Justice Department Gives Nod to EPC Gen 2 Patent Pool

By Claire Swedberg

A group of UHF RFID technology vendors received a business review letter approving their request to negotiate patent licensing agreements as a single entity.


In the letter, Thomas O. Barnett, assistant attorney general in charge of the department’s antitrust division, wrote, “The proposed patent-licensing arrangement has the potential to speed up the commercialization of UHF RFID technology to the benefit of competition and consumers, without harming competition or impeding innovation… The consortium’s pool appears reasonably likely to yield some tangible cost savings by limiting the threat of hold-up and royalty stacking, and by lowering transaction costs.”


Jason Johnson

The RFID Consortium was formed in 2005 by a group of technology vendors, with the goal of combining their RFID-related intellectual property (IP) or patents (see RFID Vendors to Launch Patent Pool). The current members consist of Motorola, Zebra Technologies, ThingMagic, Hewlett-Packard, France Telecom, LG Electronics and 3M. With the DOJ’s approval, the group intends to offer a joint patent portfolio to make it easier for RFID software and hardware vendors to obtain licenses related to those patents, as well as lower the cost of that process and expedite the development of RFID technology.

Each consortium member holds one or more patents that an independent patent evaluator deemed essential to the EPC Gen 2 UHF standard. Altogether, the consortium holds a total of 10 such patents. All patent holders in these cases have granted the consortium nonexclusive rights to license their patent or patents.

The consortium will now license its patent portfolio, or pool, on reasonable and nondiscriminatory (RAND) terms to manufacturers under the management of VIA Licensing, which was named the consortium’s independent licensing administrator in 2006 (see RFID Consortium Names Patent-Pool Administrator).

“The RFID Consortium has been waiting for this letter, and now it can move forward in launching the licensing agreements,” says Jason Johnson, Via Licensing’s VP of marketing and business development.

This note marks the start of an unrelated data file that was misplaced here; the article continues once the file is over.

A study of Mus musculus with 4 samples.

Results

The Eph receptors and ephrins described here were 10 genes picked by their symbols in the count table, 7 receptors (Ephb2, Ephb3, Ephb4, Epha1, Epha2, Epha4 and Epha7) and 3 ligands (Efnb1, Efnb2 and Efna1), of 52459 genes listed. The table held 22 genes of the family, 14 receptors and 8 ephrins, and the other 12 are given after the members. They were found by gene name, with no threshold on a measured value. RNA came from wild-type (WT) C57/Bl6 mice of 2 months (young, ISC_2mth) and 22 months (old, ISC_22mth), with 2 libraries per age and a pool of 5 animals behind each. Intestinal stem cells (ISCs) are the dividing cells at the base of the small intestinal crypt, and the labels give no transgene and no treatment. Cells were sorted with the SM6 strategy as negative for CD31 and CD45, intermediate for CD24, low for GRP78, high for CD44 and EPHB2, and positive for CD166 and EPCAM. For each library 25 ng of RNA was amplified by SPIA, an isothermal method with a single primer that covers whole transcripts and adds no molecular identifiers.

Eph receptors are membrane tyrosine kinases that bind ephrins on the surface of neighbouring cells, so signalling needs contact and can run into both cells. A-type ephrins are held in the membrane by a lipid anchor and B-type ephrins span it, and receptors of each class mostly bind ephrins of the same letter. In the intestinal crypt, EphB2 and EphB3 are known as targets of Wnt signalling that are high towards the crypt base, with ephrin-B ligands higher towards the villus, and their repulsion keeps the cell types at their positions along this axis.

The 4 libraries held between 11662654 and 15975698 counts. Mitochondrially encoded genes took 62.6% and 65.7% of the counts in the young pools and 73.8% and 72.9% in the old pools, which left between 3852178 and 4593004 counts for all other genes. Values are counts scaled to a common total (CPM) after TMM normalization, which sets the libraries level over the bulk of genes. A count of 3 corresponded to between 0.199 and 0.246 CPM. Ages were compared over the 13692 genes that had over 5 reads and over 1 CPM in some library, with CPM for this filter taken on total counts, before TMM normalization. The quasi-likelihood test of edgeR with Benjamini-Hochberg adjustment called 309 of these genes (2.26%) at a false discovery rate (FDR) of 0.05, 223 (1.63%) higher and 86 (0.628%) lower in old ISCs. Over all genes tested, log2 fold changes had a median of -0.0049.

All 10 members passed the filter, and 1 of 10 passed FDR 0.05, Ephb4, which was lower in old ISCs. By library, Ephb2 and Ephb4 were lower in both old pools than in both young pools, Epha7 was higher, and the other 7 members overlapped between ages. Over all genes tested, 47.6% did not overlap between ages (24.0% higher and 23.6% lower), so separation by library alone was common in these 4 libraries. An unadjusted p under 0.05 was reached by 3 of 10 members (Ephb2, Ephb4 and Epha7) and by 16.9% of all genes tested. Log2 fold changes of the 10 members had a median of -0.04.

As with other patent pools, the RFID Consortium plans to charge one royalty fee for the right to use IP covered by each of the 10 patents. The revenue would then be divided among all membership patent holders. Half of the royalties will be allocated to participating companies based on the number of patents contributed by each participant, with the other half allocated substantially equally among participants. Members believe the pooling method will be the best way to keep RFID equipment costs down, as well as to prompt adoption by ensuring companies are compensated for their IP.

Although the consortium began in 2005 with 20 members, only the seven current members were judged to have patents considered essential for EPC Gen 2 technology. With the Justice Department’s approval, the group now hopes to recruit other companies holding essential patents to join them. “Since we have the blessing from the DOJ, we now must educate those companies who own patents,” Johnson says, regarding how the group can help those firms reduce their cost of licensing by providing it as a pool with other licenses.

“We certainly encourage as many patent holders as possible,” says John Ehler, Via Licensing’s director of licensing programs. “We expect a great number of essential patents and their patent-holders to come in [to the group],” Johnson adds. In fact, according to the DOJ, the membership of many patent-holders in the pool will be important to the market.

In his letter, Barnett further stated, “Licensees could shop at a single stop for the patents of consortium members, rather than negotiating individually with seven separate parties for licenses. Licensees, though, would incur additional transaction costs to license patents from non-members.”

The Department of Justice’s response was strikingly supportive for the RFID patent pool, Ehler says, as well as surprisingly detailed regarding the opportunities for the market with this pool. Although the agency has previously approved other patent pool review requests, he notes, it has not done so with as much supportive language. “The DOJ has weighed in on patent pools a number of times,” he states, “but nothing to this extent.”

Ehler attributes that to the details by which the consortium described its efforts to offer fair and non-discriminatory rates, and to allow competition from independent patent-holder licensing agreements. The consortium, in a letter to the Department of Justice, also indicated that all members will be subject to the determination of an independent party as to whether their patented technology is essential.

“The consortium appears structured to preserve the patent expert’s independence regarding his decisions about each patent’s essentiality to the Gen 2 standard,” Barnett wrote, adding that “members would no longer face the expensive and time-consuming tasks of searching out manufacturers who are using those members’ intellectual property, or negotiating individual licenses… Instead, they would reap the cost savings of centralized licensing and would realize an immediate return on their intellectual property.”

The business review request and the DOJ’s response are available at the Department of Justice Web site.